They say you should write what you know. That is what writer-actors Michael Godere and Ivan Martin did with Loitering with Intent, which made its premiere at the Tribeca Film Festival last week. Having written a film with roles tailor-made for themselves, and their more famous real-life actor friends, Godere and Martin churn out a humorous and honest, if somewhat zany, story about love, family, friendship and whether or not making your mark on the world is a worthwhile a pursuit in the grand scheme of things.
Dominic (Michael Godere) and Raphael (Ivan Martin) are actors first, bartenders second, and writers when they suddenly need to be. Each has had almost breakthrough acting roles, but neither of their careers has taken off. When a producer friend mentions that her boss is looking for a low-budget feature to produce, Dom and Raphael pitch to her a screenplay they say they’ve been working on. Except no such screenplay exists. With only ten days to write a film, the pair go to Dom’s sister’s upstate home to focus, but the tumult created by the group of characters that convene there trumps their creative inspiration.
Among those characters are Dom’s free-spirited sister Gigi (Marisa Tomei), her much-younger (but equally hippy) friend Ava (Isabelle McNally), Gigi’s slightly unhinged ex-boyfriend (Sam Rockwell) and his soon-to-be reality TV star brother (Brian Geraghty ). Godere and Martin are not shy about the fact that the script is so closely based on their lives, their relationship and their circle of friends. And, why should they be? Even though the film is centered on two actors trying to “make it”, Loitering with Intent is a slice-of-life comedy that feels relevant and accurate.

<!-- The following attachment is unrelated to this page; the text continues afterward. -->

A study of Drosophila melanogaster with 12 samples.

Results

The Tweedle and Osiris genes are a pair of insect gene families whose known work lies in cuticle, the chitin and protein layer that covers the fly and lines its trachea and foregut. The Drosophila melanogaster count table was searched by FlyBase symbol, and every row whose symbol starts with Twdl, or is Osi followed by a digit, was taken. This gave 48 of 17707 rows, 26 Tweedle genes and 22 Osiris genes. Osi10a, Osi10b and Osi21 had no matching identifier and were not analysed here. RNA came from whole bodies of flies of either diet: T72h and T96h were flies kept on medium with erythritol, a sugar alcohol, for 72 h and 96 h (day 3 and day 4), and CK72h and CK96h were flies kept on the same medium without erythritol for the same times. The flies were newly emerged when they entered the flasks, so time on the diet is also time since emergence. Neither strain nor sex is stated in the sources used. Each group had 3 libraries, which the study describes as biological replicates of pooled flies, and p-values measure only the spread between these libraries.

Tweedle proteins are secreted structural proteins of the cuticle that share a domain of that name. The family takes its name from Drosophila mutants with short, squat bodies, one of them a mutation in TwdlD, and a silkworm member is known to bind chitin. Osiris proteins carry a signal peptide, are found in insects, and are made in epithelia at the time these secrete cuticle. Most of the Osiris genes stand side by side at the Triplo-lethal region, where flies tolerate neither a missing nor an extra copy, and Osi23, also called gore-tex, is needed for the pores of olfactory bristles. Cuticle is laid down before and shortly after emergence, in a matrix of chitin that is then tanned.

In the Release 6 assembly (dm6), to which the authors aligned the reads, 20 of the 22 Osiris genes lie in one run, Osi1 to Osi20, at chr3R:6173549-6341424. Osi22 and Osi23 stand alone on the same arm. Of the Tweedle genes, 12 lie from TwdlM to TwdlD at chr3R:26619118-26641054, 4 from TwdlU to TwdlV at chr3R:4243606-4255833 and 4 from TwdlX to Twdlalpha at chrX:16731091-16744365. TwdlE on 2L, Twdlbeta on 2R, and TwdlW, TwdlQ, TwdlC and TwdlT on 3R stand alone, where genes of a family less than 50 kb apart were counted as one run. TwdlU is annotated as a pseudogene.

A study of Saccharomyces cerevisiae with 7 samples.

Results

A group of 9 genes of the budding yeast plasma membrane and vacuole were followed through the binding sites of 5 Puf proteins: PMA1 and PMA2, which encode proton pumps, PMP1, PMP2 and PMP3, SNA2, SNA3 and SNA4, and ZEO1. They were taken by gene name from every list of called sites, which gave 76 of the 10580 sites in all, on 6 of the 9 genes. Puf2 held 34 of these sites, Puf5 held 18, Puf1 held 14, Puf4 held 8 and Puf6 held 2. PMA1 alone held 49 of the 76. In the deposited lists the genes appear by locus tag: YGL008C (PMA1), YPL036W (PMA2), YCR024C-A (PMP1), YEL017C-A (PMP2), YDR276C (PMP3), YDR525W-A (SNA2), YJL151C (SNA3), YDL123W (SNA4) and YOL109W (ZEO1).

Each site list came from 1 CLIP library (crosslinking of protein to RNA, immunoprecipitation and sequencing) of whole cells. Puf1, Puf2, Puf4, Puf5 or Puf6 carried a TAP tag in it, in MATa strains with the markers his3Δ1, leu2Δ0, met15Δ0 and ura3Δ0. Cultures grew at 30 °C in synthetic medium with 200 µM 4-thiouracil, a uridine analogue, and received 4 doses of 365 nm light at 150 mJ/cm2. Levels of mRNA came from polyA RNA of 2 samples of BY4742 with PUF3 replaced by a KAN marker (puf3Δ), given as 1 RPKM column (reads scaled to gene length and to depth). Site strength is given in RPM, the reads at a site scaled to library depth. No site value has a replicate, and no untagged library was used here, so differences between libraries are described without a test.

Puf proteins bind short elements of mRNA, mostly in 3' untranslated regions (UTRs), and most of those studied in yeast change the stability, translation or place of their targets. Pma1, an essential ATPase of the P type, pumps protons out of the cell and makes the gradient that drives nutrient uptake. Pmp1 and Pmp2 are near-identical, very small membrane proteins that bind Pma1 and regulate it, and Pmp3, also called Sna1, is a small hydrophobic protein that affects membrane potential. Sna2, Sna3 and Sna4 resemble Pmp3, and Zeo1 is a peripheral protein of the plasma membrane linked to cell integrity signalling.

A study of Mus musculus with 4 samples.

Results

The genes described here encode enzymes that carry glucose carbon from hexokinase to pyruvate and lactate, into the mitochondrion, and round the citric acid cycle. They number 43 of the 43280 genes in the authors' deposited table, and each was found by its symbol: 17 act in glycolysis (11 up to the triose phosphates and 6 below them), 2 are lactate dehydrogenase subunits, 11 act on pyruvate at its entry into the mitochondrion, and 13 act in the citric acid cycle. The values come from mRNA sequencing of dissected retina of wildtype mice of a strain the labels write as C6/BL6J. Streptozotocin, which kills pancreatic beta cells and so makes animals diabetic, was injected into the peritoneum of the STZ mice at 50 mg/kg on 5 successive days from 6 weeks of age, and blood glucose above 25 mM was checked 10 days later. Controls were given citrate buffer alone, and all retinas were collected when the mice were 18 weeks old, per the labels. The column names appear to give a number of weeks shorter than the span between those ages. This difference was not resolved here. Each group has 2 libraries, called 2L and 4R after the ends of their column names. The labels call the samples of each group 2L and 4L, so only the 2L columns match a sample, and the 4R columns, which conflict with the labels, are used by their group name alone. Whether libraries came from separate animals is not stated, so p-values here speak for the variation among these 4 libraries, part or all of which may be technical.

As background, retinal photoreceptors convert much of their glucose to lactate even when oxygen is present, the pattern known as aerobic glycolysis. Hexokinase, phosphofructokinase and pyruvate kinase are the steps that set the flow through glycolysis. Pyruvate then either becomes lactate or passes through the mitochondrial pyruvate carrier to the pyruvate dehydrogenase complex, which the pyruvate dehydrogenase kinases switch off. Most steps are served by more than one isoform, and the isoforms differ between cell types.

The intimacy of the cast in real life also lends itself tremendously to the on-screen dynamic, which is also helped by the writers being able to cater to the actors’ strengths. Marisa Tomei has proven her range time and again throughout her great career, but when she gets a role in which she can display her own personal blend of eccentricity and sincerity (like with Crazy, Stupid, Love or Cyrus) she can really be such a pleasure to watch.
In a Q&A session in Tribeca last week Sam Rockwell mentioned what some call his penchant for overacting, and that he enjoyed playing a character that was “simmering,” as opposed to “exploding.” Well, I happen to his Rockwellian explosions, but he’s equally good at almost exploding and then taking it down a notch. Brian Geraghty is hilarious as the throwback to the early 90’s sun-loving surfer and Ivan Martin (a fusion of Rainn Wilson and Michael Sheen) is also great.
With distribution still in question Loitering with Intent might find itself like its protagonists —never really getting a shot, while dim-witted surfers are elevated to super-stardom through reality TV. But the film also points out that talent is talent, recognized or not.